Prime Energy containing high levels of caffeine is coming to the UK but restrictions may stop children and teenagers from buying the cans
A new range of Prime drinks containing high levels of caffeine are starting to arrive in the UK.
While major stores and supermarkets are yet to sell Prime Energy, smaller convenience stores and off-licences are now getting their hands on limited stock of the latest range by the viral drinks company.
But while Prime Hydration has been a huge hit with children and young teens, the new Prime Energy range contains high levels of caffeine that means in America, where it is currently available, it is only being sold to adults.
So what are the rules likely to be for buying Prime Energy in the UK?
What is Prime Energy?
Celebrity founders of the viral drink KSI and Logan Paul confirmed at the start of this year that they will be introducing a new range to UK shelves this spring called Prime Energy.
Their original product - Prime Hydration - has proved to be extremely popular over the last six months particularly among young people, with shops selling out in seconds, bottles trading hands on the internet for up to £150 and long snaking queues outside supermarkets when there are rumours of a fresh delivery.
Unlike Prime Hydration, which comes in a plastic bottle, Prime Energy is in a can.
It is made in a variety of different flavours including Orange Mango, Strawberry Watermelon, Blue Raspberry, Lemon Lime and Tropical Punch.
And while the main ingredients in sports drink Prime Hydration centres around water, coconut water and electrolytes Prime Energy has an extra ingredient - caffeine.
How does Prime Energy compare with other energy drinks?
The Chartered Trading Standards Institute explains that the legal definition of what constitutes an energy drink depends on the amount of caffeine contained in the liquid per litre with the threshold being 150mg of caffeine per litre.
Any energy drink, it says, that has 150mg of caffeine (mg/l) or higher must be labelled with the term ‘High caffeine content. Not recommended for children or pregnant or breast-feeding women.” The label must also include the caffeine content of the product in mg per 100ml.
While Prime Hydration has fast become a hit among the very young - Prime Energy is expected to be marketed at an older, more adult audience with the drink's release online and in the US so far confined to people over the age of 18 because of its high caffeine content.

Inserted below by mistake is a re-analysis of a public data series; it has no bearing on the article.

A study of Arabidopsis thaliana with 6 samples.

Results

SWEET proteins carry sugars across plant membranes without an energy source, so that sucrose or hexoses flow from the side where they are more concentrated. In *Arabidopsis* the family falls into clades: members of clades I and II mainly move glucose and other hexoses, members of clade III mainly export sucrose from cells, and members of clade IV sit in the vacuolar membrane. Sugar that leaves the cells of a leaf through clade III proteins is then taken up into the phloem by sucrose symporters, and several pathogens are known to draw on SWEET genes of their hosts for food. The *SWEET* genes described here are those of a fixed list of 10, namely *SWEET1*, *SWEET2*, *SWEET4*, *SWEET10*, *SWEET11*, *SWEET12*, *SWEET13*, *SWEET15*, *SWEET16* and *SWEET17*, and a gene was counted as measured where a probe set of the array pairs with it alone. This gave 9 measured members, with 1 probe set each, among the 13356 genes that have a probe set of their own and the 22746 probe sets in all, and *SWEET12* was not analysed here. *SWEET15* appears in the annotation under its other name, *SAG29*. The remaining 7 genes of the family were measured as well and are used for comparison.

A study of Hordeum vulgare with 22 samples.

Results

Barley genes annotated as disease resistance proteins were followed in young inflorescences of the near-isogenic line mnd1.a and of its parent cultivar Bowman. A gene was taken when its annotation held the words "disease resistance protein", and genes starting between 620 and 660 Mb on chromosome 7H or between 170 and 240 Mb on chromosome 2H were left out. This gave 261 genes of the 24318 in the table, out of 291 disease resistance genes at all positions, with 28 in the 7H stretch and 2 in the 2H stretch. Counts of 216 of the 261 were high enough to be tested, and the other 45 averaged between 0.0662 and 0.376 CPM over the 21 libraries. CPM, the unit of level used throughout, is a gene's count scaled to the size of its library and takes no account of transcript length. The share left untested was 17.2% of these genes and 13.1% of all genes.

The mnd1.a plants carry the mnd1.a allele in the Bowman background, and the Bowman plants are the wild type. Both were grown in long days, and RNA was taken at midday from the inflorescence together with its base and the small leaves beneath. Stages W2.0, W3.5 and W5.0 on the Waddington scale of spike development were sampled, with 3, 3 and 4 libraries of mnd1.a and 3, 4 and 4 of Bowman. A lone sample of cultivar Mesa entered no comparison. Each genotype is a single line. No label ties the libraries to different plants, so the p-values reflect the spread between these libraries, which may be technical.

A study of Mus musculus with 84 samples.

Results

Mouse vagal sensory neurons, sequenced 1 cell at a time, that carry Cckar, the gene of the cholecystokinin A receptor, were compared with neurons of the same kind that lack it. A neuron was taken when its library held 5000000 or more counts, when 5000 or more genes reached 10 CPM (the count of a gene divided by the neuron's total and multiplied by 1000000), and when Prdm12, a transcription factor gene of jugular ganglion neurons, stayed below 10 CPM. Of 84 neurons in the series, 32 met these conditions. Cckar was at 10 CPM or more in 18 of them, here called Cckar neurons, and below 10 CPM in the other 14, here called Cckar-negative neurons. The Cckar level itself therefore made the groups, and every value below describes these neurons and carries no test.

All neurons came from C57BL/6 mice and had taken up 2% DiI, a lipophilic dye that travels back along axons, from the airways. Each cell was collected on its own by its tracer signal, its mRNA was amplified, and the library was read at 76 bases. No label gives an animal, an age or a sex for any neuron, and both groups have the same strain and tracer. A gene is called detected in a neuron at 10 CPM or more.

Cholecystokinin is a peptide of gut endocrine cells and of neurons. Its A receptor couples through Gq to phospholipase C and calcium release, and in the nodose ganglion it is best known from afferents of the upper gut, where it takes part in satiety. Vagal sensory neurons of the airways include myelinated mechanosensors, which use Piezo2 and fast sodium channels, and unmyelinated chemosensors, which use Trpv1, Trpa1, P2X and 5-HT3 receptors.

Prime Energy contains 200mg of caffeine in each 335ml - or 12fl oz serving.
By comparison - there are 80mg of caffeine in a 250ml can of Red Bull which is roughly the same as in a standard cup of coffee of the same size. Prime Energy also contains more caffeine than fellow energy drink Monster where 473ml-sized cans hold 160mg of caffeine.
What does the law say about energy drinks?
In 2019 the government announced plans to press ahead with a policy to make the sales of energy drinks to under 16s illegal but then the Covid-19 pandemic hit and the law was never finalised - meaning the sale of energy drinks to children is not illegal in England.
However many shops and supermarkets voluntarily no longer sell the high-caffeine drinks to youngsters under the age of either 16 or 18 depending on their policy.
Retail giant Asda, which has been Prime Hydration's main stockist since 2022 and is reportedly set to stock Prime Energy in the spring, was among a number of supermarkets which announced in 2018 that they were introducing policies to restrict the sale of drinks high in caffeine to under 16s.
The company said after listening to customers and to the concerns of parents and teachers on the impact high caffeine drinks can have on children’s behaviour and learning, it decided it wanted to be proactive and support parents and teachers in 'limiting young people’s access to these drinks'.
Since then anyone who wishes to purchase an energy drink in Asda but appears under age has to provide suitable ID before paying.
What about smaller shops?
The Association of Convenience Stores, which represents local stores, says while the sale of energy drinks to children and teenagers is not illegal, many stores do now have their own individual policies in place.
The organisation also offers some advice and 'a menu of options' for retailers which outline the types of policies or potential guidelines they too could adopt which have been successful with other member shops should there be concerns about children buying energy drinks.
Among the suggestions are policies that restrict sales by age or limit the number of drinks young customers can buy together with advice on how these policies could be implemented.
There are also suggestions, contained in the guide, as to how to engage and work with neighbouring schools who may be concerned with children buying high-caffeine drinks and this, it suggests, might involve not selling to children in uniform or at certain times of the day popular with pupils.
The guidance document adds: "Its intention is to provide you with a menu of options that you could employ as you deem appropriate in your business to respond to community concerns."